Last week, the French authorities carried out their threat and introduced a tax on CSDs. Richard Corbett believes, however, that the French should look north, to Denmark, to see how effective - or not - such a move will be on a nation's pattern of consumption.

Being surrounded by all that classic cuisine, the French might be forgiven for filling out a bit. Their politicians are worried and, as of 1 Januar,y measures have been taken. No, it’s not a tax on croissants; once again the finger has been pointed at soft drinks consumption and a much-publicised soft drinks tax has finally been implemented.

In fairness to the Government, the consumption of CSDs in France has been on the up. According to Beverage researchers at Canadean, annual demand per capita has jumped by more than 14 litres to nearly 53 litres since the turn of the century, and latest estimates point to another healthy increase in volumes last year.

Whether this is enough to justify such intervention is debatable, particularly because 4 litres of that increase is made up of low calorie products. It could be argued, then, that the industry is already addressing obesity concerns by focusing on their ‘light’ portfolios.

As is well documented, the idea of the tax has not been well received by Coca-Cola Enterprises. Relations deteriorated so badly that in September the company even threatened to cancel their 40th birthday party celebrations at their Marseille Plant – oh and a proposed EUR17m (US$21.6m) investment. A good party is always welcomed in gloomy times but, more importantly, investment should be applauded and nurtured during periods of austerity. So, are CCE’s fears well founded? Is this tax going to impact on consumption patterns?

The first thing that stands out to me is that the amount of tax to be levied is not a back-breaking amount. EUR0.02 per 33cl can is not a behavioural-changing sum of money - in a French hypermarket you will pay around EUR2.65 ($2.10) for a six-pack of 33cl cans. If retailers pass on the tax, then it will equate to a 3% to 4% increase in the average retail selling price of soft drinks. Take into account promotional activity, and the 3% or 4% may well go unnoticed by the consumer.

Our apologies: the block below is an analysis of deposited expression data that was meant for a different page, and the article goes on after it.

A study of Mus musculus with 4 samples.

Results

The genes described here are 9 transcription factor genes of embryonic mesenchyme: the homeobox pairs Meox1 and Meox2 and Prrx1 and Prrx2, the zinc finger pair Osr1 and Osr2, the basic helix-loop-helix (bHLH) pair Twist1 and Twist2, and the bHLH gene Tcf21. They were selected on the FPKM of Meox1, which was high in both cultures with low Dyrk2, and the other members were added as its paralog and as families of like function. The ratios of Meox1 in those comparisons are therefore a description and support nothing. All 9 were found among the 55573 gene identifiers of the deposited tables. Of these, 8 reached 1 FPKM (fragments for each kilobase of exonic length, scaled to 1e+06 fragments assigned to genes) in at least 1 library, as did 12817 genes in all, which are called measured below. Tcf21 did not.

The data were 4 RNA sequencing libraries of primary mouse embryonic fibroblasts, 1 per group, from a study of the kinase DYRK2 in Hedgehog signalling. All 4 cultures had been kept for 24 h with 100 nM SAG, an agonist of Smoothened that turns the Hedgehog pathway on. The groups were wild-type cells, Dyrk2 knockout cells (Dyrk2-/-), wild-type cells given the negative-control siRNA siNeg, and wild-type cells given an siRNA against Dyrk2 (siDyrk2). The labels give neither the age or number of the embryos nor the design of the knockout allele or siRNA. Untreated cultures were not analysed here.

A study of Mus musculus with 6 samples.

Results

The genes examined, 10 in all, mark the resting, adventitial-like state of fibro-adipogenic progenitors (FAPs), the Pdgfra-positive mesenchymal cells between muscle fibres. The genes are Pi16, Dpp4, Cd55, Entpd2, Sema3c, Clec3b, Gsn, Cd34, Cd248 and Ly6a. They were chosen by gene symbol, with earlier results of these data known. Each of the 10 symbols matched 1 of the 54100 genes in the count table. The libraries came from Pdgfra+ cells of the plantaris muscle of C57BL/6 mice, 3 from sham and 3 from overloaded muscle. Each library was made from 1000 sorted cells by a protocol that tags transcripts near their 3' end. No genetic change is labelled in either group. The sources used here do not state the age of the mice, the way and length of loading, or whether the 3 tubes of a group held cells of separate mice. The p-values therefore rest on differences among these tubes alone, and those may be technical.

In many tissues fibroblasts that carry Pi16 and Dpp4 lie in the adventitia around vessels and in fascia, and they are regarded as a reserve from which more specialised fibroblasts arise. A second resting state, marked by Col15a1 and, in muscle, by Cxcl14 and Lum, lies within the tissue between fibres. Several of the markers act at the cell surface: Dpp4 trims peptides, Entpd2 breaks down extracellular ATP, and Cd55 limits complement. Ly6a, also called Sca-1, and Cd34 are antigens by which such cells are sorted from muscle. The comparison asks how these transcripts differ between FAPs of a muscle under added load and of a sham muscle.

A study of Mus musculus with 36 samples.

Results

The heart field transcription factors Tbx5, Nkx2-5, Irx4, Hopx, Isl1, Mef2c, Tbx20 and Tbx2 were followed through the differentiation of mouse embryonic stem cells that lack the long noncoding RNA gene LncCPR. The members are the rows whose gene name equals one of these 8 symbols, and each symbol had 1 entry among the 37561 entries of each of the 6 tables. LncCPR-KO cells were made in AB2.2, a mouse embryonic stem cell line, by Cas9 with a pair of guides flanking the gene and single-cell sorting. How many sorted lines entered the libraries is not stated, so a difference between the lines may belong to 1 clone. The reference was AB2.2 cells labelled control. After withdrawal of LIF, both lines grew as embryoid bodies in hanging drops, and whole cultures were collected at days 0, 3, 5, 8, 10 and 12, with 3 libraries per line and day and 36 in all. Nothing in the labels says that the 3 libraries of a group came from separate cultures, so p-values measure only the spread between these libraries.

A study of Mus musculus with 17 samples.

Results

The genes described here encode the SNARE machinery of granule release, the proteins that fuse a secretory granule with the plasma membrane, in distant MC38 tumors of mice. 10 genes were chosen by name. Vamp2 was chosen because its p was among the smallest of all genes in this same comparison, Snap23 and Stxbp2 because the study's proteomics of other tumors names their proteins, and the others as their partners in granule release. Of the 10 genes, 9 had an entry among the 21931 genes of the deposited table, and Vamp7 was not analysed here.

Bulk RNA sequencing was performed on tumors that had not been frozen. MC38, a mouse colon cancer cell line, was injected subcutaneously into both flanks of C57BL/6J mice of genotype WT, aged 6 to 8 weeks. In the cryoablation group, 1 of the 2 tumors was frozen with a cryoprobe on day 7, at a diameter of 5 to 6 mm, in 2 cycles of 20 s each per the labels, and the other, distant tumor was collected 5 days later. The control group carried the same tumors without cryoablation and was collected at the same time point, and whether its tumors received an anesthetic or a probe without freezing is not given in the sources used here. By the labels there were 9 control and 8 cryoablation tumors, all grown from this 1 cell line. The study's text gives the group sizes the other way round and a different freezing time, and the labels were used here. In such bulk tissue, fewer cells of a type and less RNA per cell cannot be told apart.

If that is the case, then it will mean that the tax will be absorbed by the retailers and the bottlers, so the implications for consumption could be minimal and the EUR120m the tax raises will mainly come out of the pockets of the retailers and the producers. This, at a time when the cost of producing, packaging and distributing soft drinks is probably more than it has ever been. No wonder CCE is upset.

If you look at the Danish example, however, then the effect of the tax in France may be a little more pronounced than might be expected. Back in 2001, the then Danish government opted to hike up the soft drinks tax to DKK1.65 (EUR0.22) triggering a drop in CSD volumes of between 6 and 7% that year. Bear in mind, though, that the tax as a percentage of retail price was more draconian and a big drop in sales was always likely.

I'm sure that the French government will be delighted to see that the tax in Denmark prompted such a notable drop in soft drink sales. The only problem is that the Danish sales may have fallen, but that did not mean that consumption did. The main side-effect of the tax in Denmark was to actually create a huge demand for soft drinks in the border trade shops in neighbouring Germany. Danes were now buying soft drinks as well as beer on their excursions to Germany. The bizarre scenario developed where Danish soft drink players exported their drinks to Germany to sell to Danish consumers. There was also talk of consumers in Copenhagen buying soft drinks on-line from supermarkets in Sweden and having them delivered.

The illegal vending of border trade soft drinks became sufficient an issue to encourage the tax rate to be reduced in subsequent years. That was until 2010, when the Danes opted to increase the tax again but, as the French are doing, they levied a lower tax rate on ‘low calorie’ drinks. This initially caused chaos among retailers because they did not know how to price promote their carbonates. There was a fear that, if they did not price light and regular drinks differently, then the government would react by widening the differential.

So, did the government action encourage a shift from regular to light products? It had some influence in 2010 but, if you look at government tax figures for 2011 to August, sales of regular products have increased by 4% and ‘light’ products by 3%.

Not to be deterred, the new Danish government elected in September to increase the tax on regular products by nearly 50% in 2012 to DKK1.58 per litre (EUR0.21); ironically, still less than the original tax implemented in 2001. In Europe, the Danes and French are not alone in using tax to target soft drinks; Norway too will see a rise in tax on the sugar used in soft drinks this year.

I am sure that the tax is well-intentioned, but whether it will have the intended effect is questionable. The most effective tool to combat obesity to come out of France in recent times has not been related to tax but has been the Dukan Diet.

I should know; my wife has put me on it since New Year.